Emergency Evacuation: Steps to Take to Protect Your Livestock
Weather emergencies like wildfire and overland water flooding events are becoming common in Canada. When they threaten communities, these events receive emergency evacuation orders from local authorities. Although emergencies can happen at any time, it can be hard to prepare the farm. Nevertheless, if you are farming livestock, it’s kind of challenging to move 200 head of cattle on short notice! So, preparation and planning are tools which will benefit you greatly in the event you have to complete an emergency livestock evacuation.
Consider Emergency Livestock Evacuation Options
To state the obvious, not all emergencies are created equally. A wildfire may impact your farm in a completely different way from a flood. The unique topographical features of your property and region like hills, trees, lakes, and rivers may make one emergency more significant from another.
It can be helpful to borrow tactics from off-farm businesses to get into the right mindset for emergencies. Specifically, Enterprise Risk Management which is a framework you can use to:
- Identify natural disaster risks to your farm
- Analyze how risks may impact your farm
- Decide what actions you would take in specific scenarios, or list actions you could take
Some additional resources to help you consider your emergency livestock evacuation options include talking to your insurance broker, connecting with a farming organization, and reviewing provincial and federal websites for recommendations. Get Prepared is a very helpful site for homeowners and the provinces have agricultural emergency management guidelines which go into great detail.
We’ve highlighted a few scenarios below as an exercise for farmers with livestock.
A ranch operation has identified it is at high risk for wildfire. The property spans 100 acres over rolling hills and pasture. There are 200 head of cattle which roam the property.
What options might this farm consider for the livestock if an emergency evacuation was issued due to wildfire?
- Drive cattle to the furthest reaches of the property, away from the wildfire risk and nearby water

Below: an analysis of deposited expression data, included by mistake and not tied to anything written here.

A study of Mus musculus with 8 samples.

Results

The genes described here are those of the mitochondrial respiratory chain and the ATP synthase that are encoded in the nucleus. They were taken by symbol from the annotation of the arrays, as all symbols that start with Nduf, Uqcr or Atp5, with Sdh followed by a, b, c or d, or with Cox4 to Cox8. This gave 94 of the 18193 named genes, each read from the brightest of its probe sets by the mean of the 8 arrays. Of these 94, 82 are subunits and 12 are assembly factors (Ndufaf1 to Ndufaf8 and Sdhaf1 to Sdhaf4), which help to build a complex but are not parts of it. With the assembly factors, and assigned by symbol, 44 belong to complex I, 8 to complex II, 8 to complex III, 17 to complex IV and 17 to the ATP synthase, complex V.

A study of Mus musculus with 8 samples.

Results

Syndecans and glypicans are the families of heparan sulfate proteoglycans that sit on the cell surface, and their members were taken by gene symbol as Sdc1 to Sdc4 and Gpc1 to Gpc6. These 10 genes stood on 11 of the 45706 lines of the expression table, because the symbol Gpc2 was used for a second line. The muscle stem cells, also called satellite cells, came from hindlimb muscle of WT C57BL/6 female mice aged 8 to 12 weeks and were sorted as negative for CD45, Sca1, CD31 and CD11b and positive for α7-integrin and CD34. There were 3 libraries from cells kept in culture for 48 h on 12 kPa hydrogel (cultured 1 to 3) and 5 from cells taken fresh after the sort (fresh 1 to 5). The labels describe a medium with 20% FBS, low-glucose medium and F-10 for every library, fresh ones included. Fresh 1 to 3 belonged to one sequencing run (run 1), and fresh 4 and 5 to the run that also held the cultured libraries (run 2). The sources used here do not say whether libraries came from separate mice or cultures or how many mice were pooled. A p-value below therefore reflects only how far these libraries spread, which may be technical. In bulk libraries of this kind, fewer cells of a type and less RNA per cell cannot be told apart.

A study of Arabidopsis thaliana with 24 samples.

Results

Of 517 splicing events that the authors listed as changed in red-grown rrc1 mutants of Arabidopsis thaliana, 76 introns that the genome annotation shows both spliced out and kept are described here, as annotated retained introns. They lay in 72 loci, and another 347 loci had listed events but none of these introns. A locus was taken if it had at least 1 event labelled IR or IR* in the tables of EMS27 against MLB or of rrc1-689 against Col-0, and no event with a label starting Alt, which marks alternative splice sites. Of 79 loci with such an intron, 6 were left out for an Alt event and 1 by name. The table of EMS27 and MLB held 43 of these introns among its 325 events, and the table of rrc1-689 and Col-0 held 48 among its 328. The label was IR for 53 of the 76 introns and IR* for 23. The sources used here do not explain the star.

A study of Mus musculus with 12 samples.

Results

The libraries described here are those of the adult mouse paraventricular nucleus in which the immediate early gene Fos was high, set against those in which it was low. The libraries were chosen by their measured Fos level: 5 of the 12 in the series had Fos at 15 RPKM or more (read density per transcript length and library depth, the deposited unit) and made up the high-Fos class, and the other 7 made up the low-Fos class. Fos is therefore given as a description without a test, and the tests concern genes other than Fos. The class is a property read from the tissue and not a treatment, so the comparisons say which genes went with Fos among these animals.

- Prepare a firebreak on the property
- Load and transport cattle to a farmer friend 500 kilometers away
- Send cattle to slaughter to minimize the number of head to protect
A four-barn broiler operation has identified it is at high risk for flood. At any given time, there is one empty barn and three barns in various stages of the growing cycle with approximately 75,000 birds.
What options might this farm consider for the livestock if an emergency evacuation was issued due to flood?
- Install flood control protection such as barriers or sandbags to prevent water from entering the barns
- Marketing broilers which are close to finished weight
- Relocate and shelter poultry on higher ground
Understand Protection Options
After planning, some actions can be taken to prepare for emergency events!
Farmers can purchase emergency equipment like sandbags or barriers for flood control protection and store it on their property in the event of an emergency. This kind of equipment can be difficult to purchase in the middle of an event, so it is best to buy ahead of time. Thankfully, many emergency products have long shelf lives of five or more years. If transportation is a key aspect of your plan, selecting larger or purchasing additional transport trailers may be an option to consider.
Provincial and Local Authority
Depending on your province, the government may have a reimbursement program in place when an evacuation alert or order is issued.
Consider different coverages with your farm insurance broker to balance your protection. Always read your policy wordings to understand how coverage may or may not apply in certain situations.
At Mutual Fire Insurance, adding Farm Livestock coverage means you also receive a special limit for emergency evacuation when ordered by a civil authority. Chat with your Mutual Fire Insurance broker to learn more about this extension and its limits.